A traditional individual retirement account provides tax benefits to help you build up your retirement nest egg. If you don't drain your account after you retire, whatever's left passes to a beneficiary of your choosing. Since you always maintain sole control over your IRA, you can change your beneficiary whenever you want. You won't face a penalty, but your choice could have consequences. In some cases, there might be a restriction on your beneficiary choice.
Community Property States
In most states, you can choose any IRA beneficiary you'd like. However, in the nine community-property states, you have to select your spouse as your heir. To name anyone else, your spouse will have to provide written permission. The same applies if you wish to change your beneficiary designation. As of 2013, the nine states operating under community-property laws are Arizona, California, Idaho, Louisiana, Nevada, New Mexico, Texas, Washington and Wisconsin.
You can have more than one IRA beneficiary. If you choose multiple heirs, you'll have to designate a percentage amount each beneficiary will receive. While the percentages must add up to 100, they don't have to be equal. For example, you can allocate 10 percent to one beneficiary, 20 percent to another and 70 percent to the third. You're free to change these percentages at any time or to add or drop as many beneficiaries as you would like. The only requirement is that you have to make your changes in writing with the company that maintains your IRA.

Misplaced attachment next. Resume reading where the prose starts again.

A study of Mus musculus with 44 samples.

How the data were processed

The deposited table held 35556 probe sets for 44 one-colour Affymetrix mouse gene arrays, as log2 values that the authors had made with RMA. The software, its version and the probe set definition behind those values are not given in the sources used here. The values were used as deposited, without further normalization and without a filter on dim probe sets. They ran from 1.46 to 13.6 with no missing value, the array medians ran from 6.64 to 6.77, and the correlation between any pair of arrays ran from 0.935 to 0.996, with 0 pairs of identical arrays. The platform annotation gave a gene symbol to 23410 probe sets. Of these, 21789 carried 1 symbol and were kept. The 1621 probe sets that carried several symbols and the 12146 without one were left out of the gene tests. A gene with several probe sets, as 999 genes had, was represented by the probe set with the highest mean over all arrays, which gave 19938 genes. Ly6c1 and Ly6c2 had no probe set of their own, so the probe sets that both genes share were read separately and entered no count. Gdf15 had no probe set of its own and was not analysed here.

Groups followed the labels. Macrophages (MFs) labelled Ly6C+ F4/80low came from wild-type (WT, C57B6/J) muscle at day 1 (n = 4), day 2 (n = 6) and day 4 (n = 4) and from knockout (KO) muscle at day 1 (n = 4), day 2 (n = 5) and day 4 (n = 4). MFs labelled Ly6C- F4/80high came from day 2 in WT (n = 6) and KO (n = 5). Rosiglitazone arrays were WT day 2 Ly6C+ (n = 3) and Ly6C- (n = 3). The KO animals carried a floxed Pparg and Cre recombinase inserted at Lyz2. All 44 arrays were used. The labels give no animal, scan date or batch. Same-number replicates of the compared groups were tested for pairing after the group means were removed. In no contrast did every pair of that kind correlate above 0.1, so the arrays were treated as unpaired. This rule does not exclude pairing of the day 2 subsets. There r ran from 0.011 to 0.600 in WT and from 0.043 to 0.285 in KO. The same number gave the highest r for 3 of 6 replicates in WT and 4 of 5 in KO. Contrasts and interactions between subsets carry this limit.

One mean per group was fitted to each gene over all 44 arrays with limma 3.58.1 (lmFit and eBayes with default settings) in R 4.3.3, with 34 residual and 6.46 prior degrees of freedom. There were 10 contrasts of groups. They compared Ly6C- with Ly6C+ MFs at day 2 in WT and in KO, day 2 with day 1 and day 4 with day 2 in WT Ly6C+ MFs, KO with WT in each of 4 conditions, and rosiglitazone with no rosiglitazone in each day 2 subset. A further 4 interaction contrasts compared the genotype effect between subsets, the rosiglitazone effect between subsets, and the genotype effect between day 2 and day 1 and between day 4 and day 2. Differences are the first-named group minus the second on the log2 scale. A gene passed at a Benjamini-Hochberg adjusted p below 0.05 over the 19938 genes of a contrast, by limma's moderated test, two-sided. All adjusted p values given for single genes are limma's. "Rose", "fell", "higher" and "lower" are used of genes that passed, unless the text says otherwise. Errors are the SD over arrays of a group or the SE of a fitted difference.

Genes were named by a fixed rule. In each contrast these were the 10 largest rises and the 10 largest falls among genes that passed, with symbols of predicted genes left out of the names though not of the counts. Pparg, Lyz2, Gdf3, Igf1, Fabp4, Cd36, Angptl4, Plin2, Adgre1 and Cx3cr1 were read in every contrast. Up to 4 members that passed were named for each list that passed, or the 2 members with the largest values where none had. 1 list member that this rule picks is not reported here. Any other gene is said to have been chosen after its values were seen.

Contingent beneficiaries are secondary heirs for your IRA. They are not entitled to any share of your account unless your primary beneficiaries die before them. In that event, your contingent beneficiaries are first in line. As with primary beneficiaries, you can add or change contingent beneficiaries at any time, and you can allocate any percentage you'd like to them. If you don't name any secondary beneficiaries, your estate becomes your sole heir if your primary beneficiaries pass.
Once you reach age 70 1/2, the Internal Revenue Service requires you to take money out of your IRA every year. The minimum amount you have to withdraw is based on your life expectancy and the value of your IRA. Before Jan. 1, 2001, your payout was based on a combination of your life expectancy and that of your beneficiary. As a result, changing your beneficiary had more far-reaching consequences. With the new rules, you have added flexibility in changing a beneficiary since it doesn't affect your distributions.
John Csiszar has written thousands of articles on financial services based on his extensive experience in the industry. Csiszar earned a Certified Financial Planner designation and served for 18 years as an investment counselor before becoming a writing and editing contractor for various private clients. In addition to his online work, he has published five educational books for young adults.